YELLOWSTONE NATIONAL PARK — Last week, a Michigan man was charged in federal court with walking off-trail in a Yellowstone National Park thermal area. The charging documents claim he endangered himself and others and suffered burns as a result of leaving the trail. While awaiting trial, the man, 49-year-old Jason D. Wicks of Hillman, Michigan is banned from Yellowstone and Grand Teton National Parks.
While most people follow the rules in the park, you may have noticed that the number of social media posts showing people misbehaving in Yellowstone skyrocketed this summer.
Just click through popular social media threads and you’re nearly overwhelmed with photos and video of people breaking park rules, and doing things that are outright dangerous. Guides, like Larry Bloomfield of West Yellowstone, say it reflects what’s really happening in the park.
He said, “I think in the last few years, it's gotten a lot worse.”
Rick Hoeninghausen lives and works in the park. In his job with Yellowstone Park Lodges, he talks to guides nearly every day.
Hoeninghausen said, “It seems like the behavior has gotten worse as social media gets more popular. And people want to, 'Look what I did. Look what I did.'”
Park Spokesperson Linda Veress told us she thinks the number of posts showing people breaking the rules was worse earlier in the summer but admits there’s no tracking of complaints about such activity. She said, “We don’t have the stats, we don’t keep track. But I can tell you that visitors are doing things they shouldn’t be doing, every day.”
Larry Bloomfield claimed it’s getting worse. He said, “We're seeing people being more brazen. They're getting out and doing more to try and make a statement. You know, I got away with this. I think this was great. See what I did.”
According to the park, getting too close to wildlife is the top offense. The park rules say people should stay 100 yards away from bears and wolves and 25 yards away from all other animals. It’s a rule that Bloomfield said is often ignored.
“There was a big bison there. They all jumped out very fast. The bison charged. They didn't get hurt because they managed to get back in the car, but he did hit the front of the car,” said Bloomfield.
Hoeninghausen said there’s another danger: “And unfortunately, as we know with selfies, you're pretty much turning your back to whatever you want to get the shot of, and you're putting yourself in a more compromised position,” he said.
Hoeninghausen also said he sees people who blow right past warning signs at hot springs.
He said, “Grand Prismatic is a place where it's well-signed, don't go out there. Yet we're getting people walking out there.”
Signs are found at thermal areas all over the park. The postings warn of the dangers of leaving boardwalks or trails in an array of languages with universal warning symbols and even pictures showing the dangers.
The park’s Linda Veress said there’s a common violation, “People wanting to touch the waters in the thermal features. You know, that’s a bad idea.”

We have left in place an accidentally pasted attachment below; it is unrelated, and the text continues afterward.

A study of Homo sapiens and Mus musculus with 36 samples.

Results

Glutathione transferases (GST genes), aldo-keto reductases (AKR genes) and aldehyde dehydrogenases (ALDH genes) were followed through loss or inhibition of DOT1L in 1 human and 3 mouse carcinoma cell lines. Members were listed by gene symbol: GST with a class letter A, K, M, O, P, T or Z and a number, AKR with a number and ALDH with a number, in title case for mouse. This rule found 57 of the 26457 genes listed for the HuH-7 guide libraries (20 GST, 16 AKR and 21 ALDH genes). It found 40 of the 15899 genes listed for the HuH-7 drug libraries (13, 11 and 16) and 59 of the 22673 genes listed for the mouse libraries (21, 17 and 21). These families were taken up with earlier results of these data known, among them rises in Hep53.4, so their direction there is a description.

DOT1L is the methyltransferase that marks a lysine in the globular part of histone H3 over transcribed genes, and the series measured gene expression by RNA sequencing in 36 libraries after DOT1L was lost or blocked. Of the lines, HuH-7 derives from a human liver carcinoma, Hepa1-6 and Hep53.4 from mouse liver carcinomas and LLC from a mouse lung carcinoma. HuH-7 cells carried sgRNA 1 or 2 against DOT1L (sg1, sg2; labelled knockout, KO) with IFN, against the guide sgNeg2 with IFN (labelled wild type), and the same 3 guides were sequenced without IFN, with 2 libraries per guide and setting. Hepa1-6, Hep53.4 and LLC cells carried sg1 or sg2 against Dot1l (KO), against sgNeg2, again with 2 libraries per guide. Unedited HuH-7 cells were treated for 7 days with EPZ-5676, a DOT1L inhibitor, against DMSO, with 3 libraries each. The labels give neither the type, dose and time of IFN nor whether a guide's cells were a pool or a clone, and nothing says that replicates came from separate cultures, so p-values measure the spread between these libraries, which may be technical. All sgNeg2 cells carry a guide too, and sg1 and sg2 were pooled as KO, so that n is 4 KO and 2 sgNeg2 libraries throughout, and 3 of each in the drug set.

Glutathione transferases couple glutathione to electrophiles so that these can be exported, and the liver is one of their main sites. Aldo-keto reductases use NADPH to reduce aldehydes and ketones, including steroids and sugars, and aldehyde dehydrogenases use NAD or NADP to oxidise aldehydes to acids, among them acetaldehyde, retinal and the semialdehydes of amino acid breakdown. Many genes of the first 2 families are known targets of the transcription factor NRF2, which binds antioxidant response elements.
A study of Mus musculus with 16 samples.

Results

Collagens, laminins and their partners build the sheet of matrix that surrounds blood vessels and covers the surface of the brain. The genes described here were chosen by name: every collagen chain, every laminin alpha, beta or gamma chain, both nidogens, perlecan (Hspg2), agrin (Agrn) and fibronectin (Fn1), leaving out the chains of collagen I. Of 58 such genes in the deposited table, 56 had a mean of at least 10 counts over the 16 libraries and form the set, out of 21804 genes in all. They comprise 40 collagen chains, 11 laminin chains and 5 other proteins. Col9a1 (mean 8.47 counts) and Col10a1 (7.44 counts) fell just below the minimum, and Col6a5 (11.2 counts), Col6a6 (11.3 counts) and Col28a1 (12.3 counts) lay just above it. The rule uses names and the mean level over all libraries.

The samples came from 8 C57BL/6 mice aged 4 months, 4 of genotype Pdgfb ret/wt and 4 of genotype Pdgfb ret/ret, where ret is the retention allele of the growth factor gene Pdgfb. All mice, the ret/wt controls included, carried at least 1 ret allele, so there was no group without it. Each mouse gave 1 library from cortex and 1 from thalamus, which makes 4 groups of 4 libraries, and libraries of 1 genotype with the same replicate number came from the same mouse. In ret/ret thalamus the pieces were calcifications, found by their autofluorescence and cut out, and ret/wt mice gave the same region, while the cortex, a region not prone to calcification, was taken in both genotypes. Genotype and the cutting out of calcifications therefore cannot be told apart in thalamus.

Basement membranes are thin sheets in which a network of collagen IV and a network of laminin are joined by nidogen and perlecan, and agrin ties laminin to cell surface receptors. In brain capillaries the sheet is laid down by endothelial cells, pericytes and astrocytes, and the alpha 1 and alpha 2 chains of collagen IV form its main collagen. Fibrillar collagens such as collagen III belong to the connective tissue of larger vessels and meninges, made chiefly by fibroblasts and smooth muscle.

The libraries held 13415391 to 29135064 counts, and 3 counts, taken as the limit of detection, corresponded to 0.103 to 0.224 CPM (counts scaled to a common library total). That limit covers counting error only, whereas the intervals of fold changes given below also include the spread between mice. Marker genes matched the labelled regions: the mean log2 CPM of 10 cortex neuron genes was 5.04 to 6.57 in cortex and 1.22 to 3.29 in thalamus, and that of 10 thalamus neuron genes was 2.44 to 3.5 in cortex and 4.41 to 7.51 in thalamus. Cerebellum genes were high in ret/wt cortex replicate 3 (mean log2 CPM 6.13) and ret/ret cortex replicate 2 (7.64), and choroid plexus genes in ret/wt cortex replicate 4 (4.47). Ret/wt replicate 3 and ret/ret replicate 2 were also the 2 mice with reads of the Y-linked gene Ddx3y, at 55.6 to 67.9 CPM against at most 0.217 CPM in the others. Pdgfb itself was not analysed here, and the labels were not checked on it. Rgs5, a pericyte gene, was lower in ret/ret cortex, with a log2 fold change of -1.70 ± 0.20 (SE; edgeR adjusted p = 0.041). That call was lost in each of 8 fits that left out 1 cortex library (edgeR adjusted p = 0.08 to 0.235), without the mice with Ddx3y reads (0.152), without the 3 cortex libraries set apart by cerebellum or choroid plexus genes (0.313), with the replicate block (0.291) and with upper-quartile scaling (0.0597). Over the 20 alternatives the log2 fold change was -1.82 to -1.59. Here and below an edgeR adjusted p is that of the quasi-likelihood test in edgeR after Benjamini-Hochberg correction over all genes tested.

It’s dangerous because the water can be extremely hot, even hotter than boiling, and in some cases very acidic. Once you’re off trails or boardwalks the crusty soil can be very thin. People can fall through to scalding water or red hot rocks. So what should you do if you see something like this?
Amber Quiroz, a park visitor from Greenville, South Carolina who frequently visits Yellowstone said, “I will vocally tell them, and physically just in case they don't speak English, to move away from the animals, get back. Sometimes I cuss. It makes me that mad. But I do my best to make sure that people really get the picture.”
Veress was not happy to hear that. She said, “So that's not something we recommend that people do. But you know, if they're in immediate danger. It wouldn't hurt to, you know, tell them that what they're doing is dangerous to their health.”
Instead of confronting people, the park recommends contacting a ranger. But that can be problematic.
Bloomfield said, “We don't have enough park rangers. That's a terrible thing.”
Veress countered, “We do our best. In July, we had almost a million visitors to the park and we don't have that many rangers. So, you know, when we hear about these incidents, we do our best to contact the visitors who are doing things that they shouldn't be doing.”
When it comes to warning park guests about dangerous activities, Rick Hoeninghausen has his own technique.
He said, “I, I tend to be comfortable doing that, but I try (laughs) to be very tactful.”
He said people mostly listen: “People more often than not will be receptive to the guidance if they truly didn't understand what they were doing was wrong.”
Another guide we spoke with, MacNeil Lyons of Yellowstone Insight, recommends large digital displays at park entrances with safety reminders for people to see as they wait to enter the park. On his Facebook page, Lyons has posted guides for proper behavior for viewing roadside grizzly bears, watching wolf crossings, and dealing with bear jams.
With elk mating season almost here, signs like the ones in Mammoth and elsewhere that warn people to give animals some distance are just about to become even more important as excited bull elk pick fights with each other in areas frequented by park visitors.